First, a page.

If you run a family business, divorce might be a little more complicated than for most. The business will need to be valued so that this can be taken into consideration as you untangle your finances. If there are disputes, this can significantly increase your costs, so negotiating this with your soon-to-be ex-spouse early on can help to keep costs down.
How are business interests determined?
The way your business is valued during the divorce process will depend on where you are getting a divorce. In England, Wales, and Northern Ireland, the value of the business is added to the matrimonial assets which are to be divided. In Scotland, the business will only be considered as a marital asset if they were set up or acquired after you got married or became civil partners.
How will the value be divided?
Unlike a home, it isn’t always in the best interests of either party to sell a business to divide up the value. Instead, courts will seek to leave one party with sole ownership of the business and to then compensate the spouse with other assets or additional maintenance. This is why establishing an accurate valuation is essential.
The courts will also be flexible where required. Both parties may want to retain shares in the business, and the courts will be receptive to this if required. What should be avoided is one party having access to all the cash assets while the other is left with assets that are tied up in a business. Unfortunately, this is often the case.
Who is responsible for valuing the business?
Either party can arrange for the valuation. This is an essential step in reaching a financial settlement. Once the value of the business is established, you can then decide how you want to divide this up. If one partner owns a business outright, they will have to arrange the valuation.
How is a business valued before divorce?
Valuing a business can be very complicated and will require an expert accountant. They will have to look at things like:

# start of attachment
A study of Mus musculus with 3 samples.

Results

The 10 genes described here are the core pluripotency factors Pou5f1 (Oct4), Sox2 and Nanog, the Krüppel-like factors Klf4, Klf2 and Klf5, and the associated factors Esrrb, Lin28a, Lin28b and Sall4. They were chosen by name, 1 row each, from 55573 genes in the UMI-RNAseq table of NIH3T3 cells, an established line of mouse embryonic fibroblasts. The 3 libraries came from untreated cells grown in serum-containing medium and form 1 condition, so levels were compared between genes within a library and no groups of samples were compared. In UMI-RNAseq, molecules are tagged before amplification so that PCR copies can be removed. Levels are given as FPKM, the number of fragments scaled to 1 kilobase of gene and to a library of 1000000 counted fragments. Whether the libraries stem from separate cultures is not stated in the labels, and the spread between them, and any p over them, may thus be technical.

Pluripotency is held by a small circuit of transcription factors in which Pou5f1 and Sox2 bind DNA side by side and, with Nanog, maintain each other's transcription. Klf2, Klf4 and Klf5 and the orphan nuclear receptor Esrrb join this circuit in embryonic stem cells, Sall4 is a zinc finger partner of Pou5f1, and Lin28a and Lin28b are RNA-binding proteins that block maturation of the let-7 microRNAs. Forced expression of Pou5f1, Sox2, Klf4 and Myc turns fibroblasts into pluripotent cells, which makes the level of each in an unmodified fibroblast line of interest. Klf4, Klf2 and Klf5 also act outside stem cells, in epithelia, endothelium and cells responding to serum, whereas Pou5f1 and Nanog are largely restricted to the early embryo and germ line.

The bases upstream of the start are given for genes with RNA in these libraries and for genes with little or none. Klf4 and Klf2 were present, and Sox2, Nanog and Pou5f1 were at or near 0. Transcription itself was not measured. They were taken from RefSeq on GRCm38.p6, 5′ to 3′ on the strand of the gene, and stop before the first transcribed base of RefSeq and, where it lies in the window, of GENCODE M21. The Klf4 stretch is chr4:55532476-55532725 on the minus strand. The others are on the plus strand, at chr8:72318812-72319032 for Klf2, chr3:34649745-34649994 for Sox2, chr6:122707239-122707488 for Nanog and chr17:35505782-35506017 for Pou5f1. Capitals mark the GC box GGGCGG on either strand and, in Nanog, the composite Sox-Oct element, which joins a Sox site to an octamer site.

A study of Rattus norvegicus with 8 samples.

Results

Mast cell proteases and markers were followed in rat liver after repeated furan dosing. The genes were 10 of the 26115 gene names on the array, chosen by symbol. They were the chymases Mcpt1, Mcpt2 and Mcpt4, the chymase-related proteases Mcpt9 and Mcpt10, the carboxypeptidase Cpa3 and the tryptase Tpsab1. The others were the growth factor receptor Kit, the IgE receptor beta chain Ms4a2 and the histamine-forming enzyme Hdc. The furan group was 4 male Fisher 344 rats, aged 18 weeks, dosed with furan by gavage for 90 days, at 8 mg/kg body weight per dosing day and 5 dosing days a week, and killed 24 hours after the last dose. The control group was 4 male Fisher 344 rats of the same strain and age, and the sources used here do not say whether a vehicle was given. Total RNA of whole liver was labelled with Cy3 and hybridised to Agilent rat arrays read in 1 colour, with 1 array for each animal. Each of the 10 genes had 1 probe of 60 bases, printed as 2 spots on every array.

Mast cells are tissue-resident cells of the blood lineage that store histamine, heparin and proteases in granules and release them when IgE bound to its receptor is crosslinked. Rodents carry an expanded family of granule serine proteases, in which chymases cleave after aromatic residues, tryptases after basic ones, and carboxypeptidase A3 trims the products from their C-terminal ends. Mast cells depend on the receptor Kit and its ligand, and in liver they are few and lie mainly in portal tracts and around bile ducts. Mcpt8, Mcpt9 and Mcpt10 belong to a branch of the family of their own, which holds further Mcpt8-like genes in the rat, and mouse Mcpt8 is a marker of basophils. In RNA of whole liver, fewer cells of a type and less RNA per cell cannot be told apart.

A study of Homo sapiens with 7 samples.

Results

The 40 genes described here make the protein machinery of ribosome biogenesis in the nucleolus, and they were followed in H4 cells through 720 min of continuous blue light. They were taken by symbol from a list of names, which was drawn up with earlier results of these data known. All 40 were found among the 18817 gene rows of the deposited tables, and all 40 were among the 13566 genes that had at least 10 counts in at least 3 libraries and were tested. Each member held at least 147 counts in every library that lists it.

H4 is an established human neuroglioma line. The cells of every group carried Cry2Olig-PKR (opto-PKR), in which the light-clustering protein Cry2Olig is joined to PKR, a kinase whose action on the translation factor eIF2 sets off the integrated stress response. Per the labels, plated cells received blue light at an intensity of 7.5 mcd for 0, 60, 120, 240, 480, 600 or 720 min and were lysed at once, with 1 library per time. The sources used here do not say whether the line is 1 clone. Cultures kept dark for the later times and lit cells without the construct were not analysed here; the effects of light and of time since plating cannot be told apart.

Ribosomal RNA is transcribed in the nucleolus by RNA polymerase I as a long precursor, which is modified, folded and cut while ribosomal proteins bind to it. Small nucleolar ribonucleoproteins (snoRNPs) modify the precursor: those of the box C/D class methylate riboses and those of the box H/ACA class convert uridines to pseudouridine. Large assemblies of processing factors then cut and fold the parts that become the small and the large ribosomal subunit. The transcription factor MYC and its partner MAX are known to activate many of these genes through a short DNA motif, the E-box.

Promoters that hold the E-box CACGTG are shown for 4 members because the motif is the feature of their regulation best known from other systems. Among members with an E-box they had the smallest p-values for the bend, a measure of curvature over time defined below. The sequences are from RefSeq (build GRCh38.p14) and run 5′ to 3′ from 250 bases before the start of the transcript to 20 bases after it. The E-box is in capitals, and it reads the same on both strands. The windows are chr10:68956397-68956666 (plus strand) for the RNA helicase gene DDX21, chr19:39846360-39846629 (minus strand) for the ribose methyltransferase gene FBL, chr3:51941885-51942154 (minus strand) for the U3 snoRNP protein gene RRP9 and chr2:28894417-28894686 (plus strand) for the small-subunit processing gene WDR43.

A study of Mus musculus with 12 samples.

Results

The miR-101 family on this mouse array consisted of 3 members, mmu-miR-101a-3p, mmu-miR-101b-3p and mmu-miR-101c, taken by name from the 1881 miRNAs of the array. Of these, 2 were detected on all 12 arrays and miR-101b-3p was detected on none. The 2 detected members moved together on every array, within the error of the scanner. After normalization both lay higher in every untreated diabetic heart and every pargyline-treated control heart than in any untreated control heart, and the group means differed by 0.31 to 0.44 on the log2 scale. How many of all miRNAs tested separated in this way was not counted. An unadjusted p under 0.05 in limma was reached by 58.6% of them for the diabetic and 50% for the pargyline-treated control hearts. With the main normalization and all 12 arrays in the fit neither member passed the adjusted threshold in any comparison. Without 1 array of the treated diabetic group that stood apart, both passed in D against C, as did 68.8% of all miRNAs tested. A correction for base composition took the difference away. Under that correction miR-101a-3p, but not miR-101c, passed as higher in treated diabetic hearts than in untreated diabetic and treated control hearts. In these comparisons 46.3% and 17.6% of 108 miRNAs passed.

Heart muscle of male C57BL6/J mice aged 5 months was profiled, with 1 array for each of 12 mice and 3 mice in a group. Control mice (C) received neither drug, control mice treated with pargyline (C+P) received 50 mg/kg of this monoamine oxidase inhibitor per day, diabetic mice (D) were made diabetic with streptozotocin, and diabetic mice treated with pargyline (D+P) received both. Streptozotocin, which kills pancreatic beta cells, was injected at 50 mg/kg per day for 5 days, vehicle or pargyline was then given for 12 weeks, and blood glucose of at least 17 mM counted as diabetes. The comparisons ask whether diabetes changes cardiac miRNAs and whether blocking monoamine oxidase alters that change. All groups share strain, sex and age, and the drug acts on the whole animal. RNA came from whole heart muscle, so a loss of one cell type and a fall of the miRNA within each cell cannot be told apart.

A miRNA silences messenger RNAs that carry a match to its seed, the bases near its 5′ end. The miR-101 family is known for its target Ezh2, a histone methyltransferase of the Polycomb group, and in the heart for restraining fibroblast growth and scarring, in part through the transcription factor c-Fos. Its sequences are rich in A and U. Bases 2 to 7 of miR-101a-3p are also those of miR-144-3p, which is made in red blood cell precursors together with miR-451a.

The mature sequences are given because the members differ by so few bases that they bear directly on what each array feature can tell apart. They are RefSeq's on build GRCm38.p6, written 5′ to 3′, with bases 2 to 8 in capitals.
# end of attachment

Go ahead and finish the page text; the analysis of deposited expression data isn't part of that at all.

- The assets and property owned by the business, including business stock and equipment.
- Potential future earnings, which can take into consideration future contracts.
- The legal structure of the business. In the case of a limited company or partnership, there may be other people outside of the marriage involved. In this case, the business assets would need to be divided between the directors according to their shares.
Can I dispute the value?
Unfortunately, it isn’t very hard to conceal the true value of a business if you want to keep something back from a partner. While the value of assets such as stock and property will be difficult to dispute, future profit can be skewed to make a business appear less valuable.
If you suspect that your partner has reached a value that is not accurate, there are steps you can take to dispute this. If you suspect your ex-spouse is not being honest, you can apply to the courts to request the financial information directly from their accountant.
Why business structure matters
If you were involved in the formation of the company, you will likely have a firm grasp on how the business was created and the legal structure. However, it’s worth refreshing your knowledge to make sure you know what the business structure is and how this will affect the valuation and division of assets.
As a sole trader, there is only one owner and they control all business assets. If your partner is a sole trader, their income and profitability are the most important numbers. Other assets like premises and vehicles may also be considered.
In a partnership, the valuation gets more complicated. This is particularly in the case of married partners forming an informal business partnership where one is effectively acting as a sole trader. If your ex-spouse has a business partnership with someone outside the marriage, this will also need careful consideration during the valuation. Anyone in business with someone going through a divorce may feel stuck in the middle, as the value of one half of the business needs to match the other half.
In a limited company setup, there may be many business directors. If you and your partner own all of the shares, then this can be simply divided down the middle. If there are other people involved, then the business value will be based on your shares in the business.